Quebec removes crucifix from National Assembly
Although previous provincial governments rejected the idea of removing the crucifix hanging above the speaker’s throne in the National Assembly‘s Blue room, the CAQ government has done what others have refused to do – Quebec removes crucifix from National Assembly on Tuesday July 9th.The crucifix has hung there since 1936, although it was replaced by a new one in 1982. Premier François Legault had repeatedly said the crucifix would remain there, as it was an important part of Quebec’s heritage and it was ‘not a religious symbol, but a historical one’, and he has clearly changed his mind.
Last March, as the debate over Bill 21 grew heated, the province’s controversial secularism legislation (banning religious symbols for those working in the public service, including police officers, judges and teachers), many people were saying it goes against the very idea of the bill. Simon Jolin-Barrette, the CAQ’s Immigration, Diversity and Inclusiveness Minister, then tabled a motion in the National Assembly calling for the crucifix to be removed and placed in another part of the legislature. It will now be located in a place between the Blue and Red rooms for visitors to view.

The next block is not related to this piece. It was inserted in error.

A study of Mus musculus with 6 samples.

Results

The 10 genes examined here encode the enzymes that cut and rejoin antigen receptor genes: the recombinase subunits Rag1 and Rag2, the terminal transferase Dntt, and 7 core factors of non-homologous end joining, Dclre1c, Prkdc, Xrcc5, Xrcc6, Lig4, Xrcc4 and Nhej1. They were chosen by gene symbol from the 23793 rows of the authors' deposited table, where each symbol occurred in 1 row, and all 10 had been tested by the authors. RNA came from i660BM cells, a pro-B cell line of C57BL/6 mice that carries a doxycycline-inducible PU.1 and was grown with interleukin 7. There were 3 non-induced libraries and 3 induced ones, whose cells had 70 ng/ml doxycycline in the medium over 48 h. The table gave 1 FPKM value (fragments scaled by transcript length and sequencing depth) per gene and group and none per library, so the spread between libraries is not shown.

The removal of the crucifix follows the City of Montreal’s announcement last March that they will remove the one in their Council Chamber during the renovations now taking place. It has hung in the chamber for more than 80 years and will be moved to a museum. Mayor Valerie Plante had said ‘the crucifix is an important part of Montreal’s heritage and history, but as a symbol, it does not reflect the modern reality of secularism in democratic institutions’. And so comes the end of an era.